Posted on Feb 27th 2008 by ParkCityJS.
This was in the Salt Lake Tribune today - It’s a great article about Utah Real Estate! Forget the “doom and gloom” reports we keep hearing from the media - The sky really is NOT falling! This article is great, and shows that we truly do have a STEADY economy here in Utah, despite the fact that some other areas are feeling the downturn a bit.
Article Last Updated: 02/26/2008 01:33:16 PM MST
Posted: 11:12 AM- Utah still leads the country in home-price appreciation, a new report shows.
Prices rose 9.27 percent in the fourth quarter of last year, compared with the October-November-December period a year earlier, according to the report released today by the Office of Federal Housing Enterprise Oversight.
In the report, Wyoming was No. 2 with a 8.27 percent gain. North Dakota was third, with a 7.87 percent increase, followed by Montana at 6.90 percent and Alaska at 5.97 percent.
Among metropolitan areas, Wenatchee, Wash., was No. 1 with a 13.67 percent increase in home values over that one-year period. The Houma-Bayou Cane-Thibodaux area in Louisiana was No. 2 with a 12.15 percent gain, followed by Grand Junction, Colo., up 12.03 percent.
Ogden-Clearfield was No. 4, with a 10.8 percent increase. Provo-Orem ranked sixth among all metro areas, with a 10.46 percent gain, followed by Salt Lake City, up 9.68 percent, and Logan, up 8.75 percent.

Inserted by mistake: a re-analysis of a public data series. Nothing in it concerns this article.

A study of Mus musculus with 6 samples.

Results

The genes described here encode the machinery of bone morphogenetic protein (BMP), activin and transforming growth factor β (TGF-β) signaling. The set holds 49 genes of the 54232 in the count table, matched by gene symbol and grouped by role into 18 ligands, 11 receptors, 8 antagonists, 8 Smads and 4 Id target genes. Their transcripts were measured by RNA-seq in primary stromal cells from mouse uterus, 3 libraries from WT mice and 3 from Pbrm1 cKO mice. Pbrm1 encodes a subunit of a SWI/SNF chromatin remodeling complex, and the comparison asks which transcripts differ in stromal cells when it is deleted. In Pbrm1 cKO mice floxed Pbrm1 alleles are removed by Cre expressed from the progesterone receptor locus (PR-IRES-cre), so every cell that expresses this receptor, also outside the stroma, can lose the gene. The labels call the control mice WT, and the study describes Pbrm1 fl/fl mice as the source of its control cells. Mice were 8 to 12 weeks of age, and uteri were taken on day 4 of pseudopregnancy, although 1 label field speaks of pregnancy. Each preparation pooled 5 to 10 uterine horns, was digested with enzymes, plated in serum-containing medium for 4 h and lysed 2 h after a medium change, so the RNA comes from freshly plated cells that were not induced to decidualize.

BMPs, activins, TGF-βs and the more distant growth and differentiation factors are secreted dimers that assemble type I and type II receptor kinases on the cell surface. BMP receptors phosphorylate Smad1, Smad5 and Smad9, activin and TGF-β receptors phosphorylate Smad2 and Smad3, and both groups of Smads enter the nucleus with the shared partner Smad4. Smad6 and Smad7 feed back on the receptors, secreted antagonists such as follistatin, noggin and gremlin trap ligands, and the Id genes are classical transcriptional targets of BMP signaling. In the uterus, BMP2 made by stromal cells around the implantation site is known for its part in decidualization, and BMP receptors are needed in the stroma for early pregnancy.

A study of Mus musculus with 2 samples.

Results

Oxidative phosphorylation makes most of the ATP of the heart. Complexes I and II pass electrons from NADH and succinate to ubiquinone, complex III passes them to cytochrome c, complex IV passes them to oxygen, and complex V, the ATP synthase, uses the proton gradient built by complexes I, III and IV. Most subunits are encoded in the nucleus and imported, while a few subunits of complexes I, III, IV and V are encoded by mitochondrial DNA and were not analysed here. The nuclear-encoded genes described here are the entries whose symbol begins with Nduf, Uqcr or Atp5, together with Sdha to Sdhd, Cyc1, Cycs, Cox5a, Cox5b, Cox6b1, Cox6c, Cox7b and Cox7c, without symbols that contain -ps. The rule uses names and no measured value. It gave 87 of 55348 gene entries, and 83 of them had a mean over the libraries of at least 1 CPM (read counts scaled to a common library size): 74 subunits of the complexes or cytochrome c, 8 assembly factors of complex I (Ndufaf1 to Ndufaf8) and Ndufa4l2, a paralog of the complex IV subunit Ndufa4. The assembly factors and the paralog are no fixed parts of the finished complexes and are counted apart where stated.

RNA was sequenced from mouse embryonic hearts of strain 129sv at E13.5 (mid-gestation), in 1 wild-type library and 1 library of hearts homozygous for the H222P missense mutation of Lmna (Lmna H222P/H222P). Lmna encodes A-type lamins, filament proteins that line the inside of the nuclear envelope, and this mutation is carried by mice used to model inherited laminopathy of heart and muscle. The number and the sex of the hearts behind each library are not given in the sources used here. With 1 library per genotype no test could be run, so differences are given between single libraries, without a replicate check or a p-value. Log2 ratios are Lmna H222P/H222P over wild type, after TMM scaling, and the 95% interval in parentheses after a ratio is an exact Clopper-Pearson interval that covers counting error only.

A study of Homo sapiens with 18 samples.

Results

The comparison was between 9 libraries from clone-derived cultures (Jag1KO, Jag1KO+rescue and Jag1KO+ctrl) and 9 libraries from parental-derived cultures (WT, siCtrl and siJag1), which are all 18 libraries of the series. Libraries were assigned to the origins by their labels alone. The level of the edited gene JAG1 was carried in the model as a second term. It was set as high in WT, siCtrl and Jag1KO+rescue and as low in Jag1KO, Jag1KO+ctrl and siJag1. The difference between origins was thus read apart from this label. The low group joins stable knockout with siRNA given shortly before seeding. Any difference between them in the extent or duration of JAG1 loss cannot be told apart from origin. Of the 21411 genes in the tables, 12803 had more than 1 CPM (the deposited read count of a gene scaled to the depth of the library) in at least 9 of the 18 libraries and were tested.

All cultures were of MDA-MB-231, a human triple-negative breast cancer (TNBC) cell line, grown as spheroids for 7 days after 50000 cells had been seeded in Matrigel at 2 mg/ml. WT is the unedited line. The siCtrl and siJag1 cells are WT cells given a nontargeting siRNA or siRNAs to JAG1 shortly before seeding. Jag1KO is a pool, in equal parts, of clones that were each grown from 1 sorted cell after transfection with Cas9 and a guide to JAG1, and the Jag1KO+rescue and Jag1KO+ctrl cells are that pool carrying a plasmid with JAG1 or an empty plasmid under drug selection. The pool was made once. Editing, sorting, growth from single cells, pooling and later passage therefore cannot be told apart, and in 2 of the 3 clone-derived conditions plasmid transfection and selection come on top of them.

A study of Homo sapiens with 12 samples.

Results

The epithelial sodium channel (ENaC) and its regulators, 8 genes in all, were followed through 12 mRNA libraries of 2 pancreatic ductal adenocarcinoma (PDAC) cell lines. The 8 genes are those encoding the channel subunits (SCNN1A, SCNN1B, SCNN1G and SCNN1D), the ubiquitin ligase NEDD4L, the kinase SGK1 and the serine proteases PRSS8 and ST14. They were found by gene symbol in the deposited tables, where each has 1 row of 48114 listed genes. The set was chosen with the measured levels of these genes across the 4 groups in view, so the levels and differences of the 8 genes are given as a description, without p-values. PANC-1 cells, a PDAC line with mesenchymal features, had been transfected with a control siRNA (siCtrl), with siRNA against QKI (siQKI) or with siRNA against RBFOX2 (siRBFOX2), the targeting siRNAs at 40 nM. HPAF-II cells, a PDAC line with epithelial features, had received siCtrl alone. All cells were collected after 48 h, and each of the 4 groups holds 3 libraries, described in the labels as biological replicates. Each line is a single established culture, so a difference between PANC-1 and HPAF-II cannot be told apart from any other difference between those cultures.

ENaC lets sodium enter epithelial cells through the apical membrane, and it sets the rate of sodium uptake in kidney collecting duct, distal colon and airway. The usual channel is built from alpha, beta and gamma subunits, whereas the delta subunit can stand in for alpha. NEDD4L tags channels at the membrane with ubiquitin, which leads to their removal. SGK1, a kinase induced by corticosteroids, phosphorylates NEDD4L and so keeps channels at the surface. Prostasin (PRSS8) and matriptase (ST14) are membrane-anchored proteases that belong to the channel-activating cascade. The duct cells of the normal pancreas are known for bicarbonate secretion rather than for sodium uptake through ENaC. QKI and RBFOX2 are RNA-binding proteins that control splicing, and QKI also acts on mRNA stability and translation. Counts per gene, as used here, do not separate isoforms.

The only other Utah city on the list, St. George, however, logged a 1.91 percent decline in home values, placing it at No. 220. St. George’s real estate market began a home-price run-up more than a year earlier than much of the Wasatch Front and began its downturn in 2006. The Wasatch Front’s real estate market began to slow in the summer of last year.
Nationally, prices were up only 0.84 percent in the year that ended Dec. 31.
In the earlier part of this decade, Utah’s home-price appreciation was the worst in the country, while Utah’s neighbors and other states were racking up impressive home-price gains. Then, a few years ago, the state’s real estate market took off, too.
But while Utah’s market took off, its Western neighbors began a downturn that continues today. Nevada’s home prices, for example, fell by 5.86 percent in the year that ended in December. Prices also are down 2.4 percent in Arizona. The lowest-ranked state in terms of appreciation is California, with a decline of 6.65 percent.
Utah’s ranking marks its fifth consecutive quarter in the top spot, but rising inventories and declining sales of new and resale homes along the Wasatch Front that started several months ago point to more moderate price increases, most likely in the single digits, over the next year. Some even are predicting home values may decline at some point.
As always, Please comment with questions, or if you have anything to add!